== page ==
Soy meal is a grainy, flour-like substance made from the leftover fragments of soybeans that have already been processed for oil. The extraction of oil from soybeans, whether by chemical solvents or machine efforts, leaves behind mush, which manufacturers typical call bean chips, bean flakes and bean cakes. These remnants are then ground into a powder that is valued by some for its high non-animal protein content.
Soy meal is often used to feed livestock and farmed fish, but has worked its way into human diets as well. First introduced in China in the 11th century, soy contains high amounts of amino acids, which promote greater energy levels and muscle development. Heat and solvents like hexane are used to dry out bean mush to make soy meal, which typically consists of 44 to 80 percent protein and less than 1 percent fat. It has traces of phosphorus, little fiber and no carbohydrates. The primary amino acids in soybean meal include tryptophan, lysine, and threronine—all nine amino acids, however, are found in significant quantities in the soybean meal, making it a complete protein.
Traditionally, soy meal has primarily been used by farmers to feed chickens and cattle. The rise of the protein bar industry, however, combined with the abundance of soybean crops has created an escalating interest in using soy meal in health-conscious convenience food. Powdered protein shakes, cereals, and packaged protein bars often have soy meal as an ingredient. Many baby food products also contain soybean meal.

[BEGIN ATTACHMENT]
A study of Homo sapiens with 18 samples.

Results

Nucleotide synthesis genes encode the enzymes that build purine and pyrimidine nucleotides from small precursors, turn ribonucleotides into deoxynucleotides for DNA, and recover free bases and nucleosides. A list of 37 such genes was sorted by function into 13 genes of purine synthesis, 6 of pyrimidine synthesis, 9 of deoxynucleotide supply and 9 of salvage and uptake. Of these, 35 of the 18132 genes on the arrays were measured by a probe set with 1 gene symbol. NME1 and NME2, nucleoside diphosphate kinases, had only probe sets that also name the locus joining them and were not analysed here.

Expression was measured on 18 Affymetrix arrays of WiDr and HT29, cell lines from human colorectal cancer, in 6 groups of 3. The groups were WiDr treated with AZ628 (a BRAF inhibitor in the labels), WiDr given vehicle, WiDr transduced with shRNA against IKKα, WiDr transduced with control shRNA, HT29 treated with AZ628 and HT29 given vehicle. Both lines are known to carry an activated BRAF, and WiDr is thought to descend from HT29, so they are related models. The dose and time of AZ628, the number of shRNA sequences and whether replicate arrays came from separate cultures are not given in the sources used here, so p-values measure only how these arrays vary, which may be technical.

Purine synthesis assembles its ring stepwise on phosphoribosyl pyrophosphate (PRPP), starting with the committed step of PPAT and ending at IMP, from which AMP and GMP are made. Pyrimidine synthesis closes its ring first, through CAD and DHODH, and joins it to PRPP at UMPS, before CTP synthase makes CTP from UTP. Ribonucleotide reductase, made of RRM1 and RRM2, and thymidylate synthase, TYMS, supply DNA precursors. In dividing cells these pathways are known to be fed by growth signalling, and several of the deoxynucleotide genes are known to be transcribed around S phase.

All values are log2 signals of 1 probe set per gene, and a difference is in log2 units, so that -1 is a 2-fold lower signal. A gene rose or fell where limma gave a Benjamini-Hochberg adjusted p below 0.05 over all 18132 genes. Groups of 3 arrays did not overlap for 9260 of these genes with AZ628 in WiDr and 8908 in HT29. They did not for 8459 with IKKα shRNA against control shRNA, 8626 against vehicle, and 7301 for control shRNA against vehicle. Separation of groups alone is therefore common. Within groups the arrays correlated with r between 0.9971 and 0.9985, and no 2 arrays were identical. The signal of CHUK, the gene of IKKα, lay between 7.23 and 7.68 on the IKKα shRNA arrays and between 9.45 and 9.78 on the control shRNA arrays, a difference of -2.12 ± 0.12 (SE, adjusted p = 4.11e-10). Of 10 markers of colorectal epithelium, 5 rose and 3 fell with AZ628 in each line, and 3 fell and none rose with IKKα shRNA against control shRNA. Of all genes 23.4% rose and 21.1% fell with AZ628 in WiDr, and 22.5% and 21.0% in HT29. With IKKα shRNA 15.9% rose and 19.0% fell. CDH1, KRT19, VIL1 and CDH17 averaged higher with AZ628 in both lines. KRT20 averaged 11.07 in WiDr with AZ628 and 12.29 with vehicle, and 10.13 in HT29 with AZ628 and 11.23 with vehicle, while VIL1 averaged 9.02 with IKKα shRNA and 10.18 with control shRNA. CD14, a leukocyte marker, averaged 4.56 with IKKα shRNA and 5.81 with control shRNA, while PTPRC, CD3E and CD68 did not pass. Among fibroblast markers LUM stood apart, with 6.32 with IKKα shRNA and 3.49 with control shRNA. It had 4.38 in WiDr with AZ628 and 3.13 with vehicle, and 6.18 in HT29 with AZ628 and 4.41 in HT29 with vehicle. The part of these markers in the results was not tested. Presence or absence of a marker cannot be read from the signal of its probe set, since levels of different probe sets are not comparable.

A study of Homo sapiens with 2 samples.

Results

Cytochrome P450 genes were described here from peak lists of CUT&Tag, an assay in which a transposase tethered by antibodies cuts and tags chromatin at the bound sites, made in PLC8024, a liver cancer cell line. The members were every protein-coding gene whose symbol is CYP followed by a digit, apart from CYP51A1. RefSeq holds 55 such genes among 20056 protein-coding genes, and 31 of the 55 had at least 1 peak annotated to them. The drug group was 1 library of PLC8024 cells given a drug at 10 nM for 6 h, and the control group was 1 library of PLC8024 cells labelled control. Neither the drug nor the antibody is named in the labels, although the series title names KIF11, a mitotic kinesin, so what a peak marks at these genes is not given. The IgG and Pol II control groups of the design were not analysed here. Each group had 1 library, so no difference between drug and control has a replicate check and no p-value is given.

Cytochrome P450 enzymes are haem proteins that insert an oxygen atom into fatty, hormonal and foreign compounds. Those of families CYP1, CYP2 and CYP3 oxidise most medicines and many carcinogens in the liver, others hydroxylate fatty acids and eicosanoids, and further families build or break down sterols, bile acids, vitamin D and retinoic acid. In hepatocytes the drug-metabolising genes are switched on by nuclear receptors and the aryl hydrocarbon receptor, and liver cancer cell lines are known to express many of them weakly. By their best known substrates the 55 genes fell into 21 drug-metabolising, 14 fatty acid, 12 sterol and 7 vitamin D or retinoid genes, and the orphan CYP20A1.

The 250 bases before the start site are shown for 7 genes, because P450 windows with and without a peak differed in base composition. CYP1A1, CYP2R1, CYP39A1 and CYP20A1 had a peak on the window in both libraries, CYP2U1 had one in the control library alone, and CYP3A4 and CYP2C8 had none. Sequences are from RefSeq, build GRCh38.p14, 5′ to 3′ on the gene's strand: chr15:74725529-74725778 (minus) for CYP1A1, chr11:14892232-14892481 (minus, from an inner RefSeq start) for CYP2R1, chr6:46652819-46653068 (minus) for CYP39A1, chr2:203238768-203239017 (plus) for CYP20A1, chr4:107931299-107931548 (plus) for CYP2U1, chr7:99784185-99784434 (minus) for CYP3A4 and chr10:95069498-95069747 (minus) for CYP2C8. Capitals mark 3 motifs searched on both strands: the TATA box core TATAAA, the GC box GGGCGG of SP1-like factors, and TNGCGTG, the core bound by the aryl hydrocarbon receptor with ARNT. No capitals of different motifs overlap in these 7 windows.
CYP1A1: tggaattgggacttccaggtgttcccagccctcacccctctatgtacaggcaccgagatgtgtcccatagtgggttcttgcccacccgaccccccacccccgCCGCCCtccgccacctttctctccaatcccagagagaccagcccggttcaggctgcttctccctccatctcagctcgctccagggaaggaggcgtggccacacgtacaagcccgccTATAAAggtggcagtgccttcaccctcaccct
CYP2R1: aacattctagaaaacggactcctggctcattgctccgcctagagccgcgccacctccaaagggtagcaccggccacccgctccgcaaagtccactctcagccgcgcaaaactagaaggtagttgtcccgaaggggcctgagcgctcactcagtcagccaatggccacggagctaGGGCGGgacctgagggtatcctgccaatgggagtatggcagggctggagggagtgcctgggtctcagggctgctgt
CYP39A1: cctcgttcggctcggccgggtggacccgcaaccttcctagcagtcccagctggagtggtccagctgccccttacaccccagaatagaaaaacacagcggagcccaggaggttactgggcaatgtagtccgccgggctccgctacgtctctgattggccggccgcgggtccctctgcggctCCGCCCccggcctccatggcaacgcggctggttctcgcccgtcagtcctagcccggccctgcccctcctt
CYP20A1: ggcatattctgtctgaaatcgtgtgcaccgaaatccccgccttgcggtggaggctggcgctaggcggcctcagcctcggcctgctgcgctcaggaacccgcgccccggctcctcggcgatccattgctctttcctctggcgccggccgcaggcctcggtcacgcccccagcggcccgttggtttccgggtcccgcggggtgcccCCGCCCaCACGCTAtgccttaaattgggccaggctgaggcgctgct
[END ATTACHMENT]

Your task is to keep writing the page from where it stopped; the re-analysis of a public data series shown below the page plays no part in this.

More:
Packages of soy meal can be bought in many health food stores and grocery marts to make baked goods at home. The meal is often substituted for flour in bread recipes to reduce carbohydrates and boost protein content. Muffins, tortillas, and cookies are among the most popular homemade goods using soybean meal.
The use of soy for humans has raised occasional concern among some doctors. While some nutritionists promote soy for humans, claiming it can help prevent heart disease and prostate cancer, others caution that the processing of soy can introduce too much toxic hexane into human diets. Detractors also often express concern that excess soy exposes consumers to too many phytoestrogens. Soy contains daidzein and genistein, which mimic the female hormone estrogen and, according to some doctors, can create hormonal imbalances at high doses, particularly in men. Vegetarian proponents of soy, however, hail it as an inexpensive and beneficial replacement for beef, pork, and chicken.
Beyond food, soy meal has also been used in the manufacturing industry. It is often blended with rubber, polymers, and plastics to create rubber bands, film, and tubing. The inclusion of soybean meal in rubber and plastic products makes the end product more water-resistant and elastic.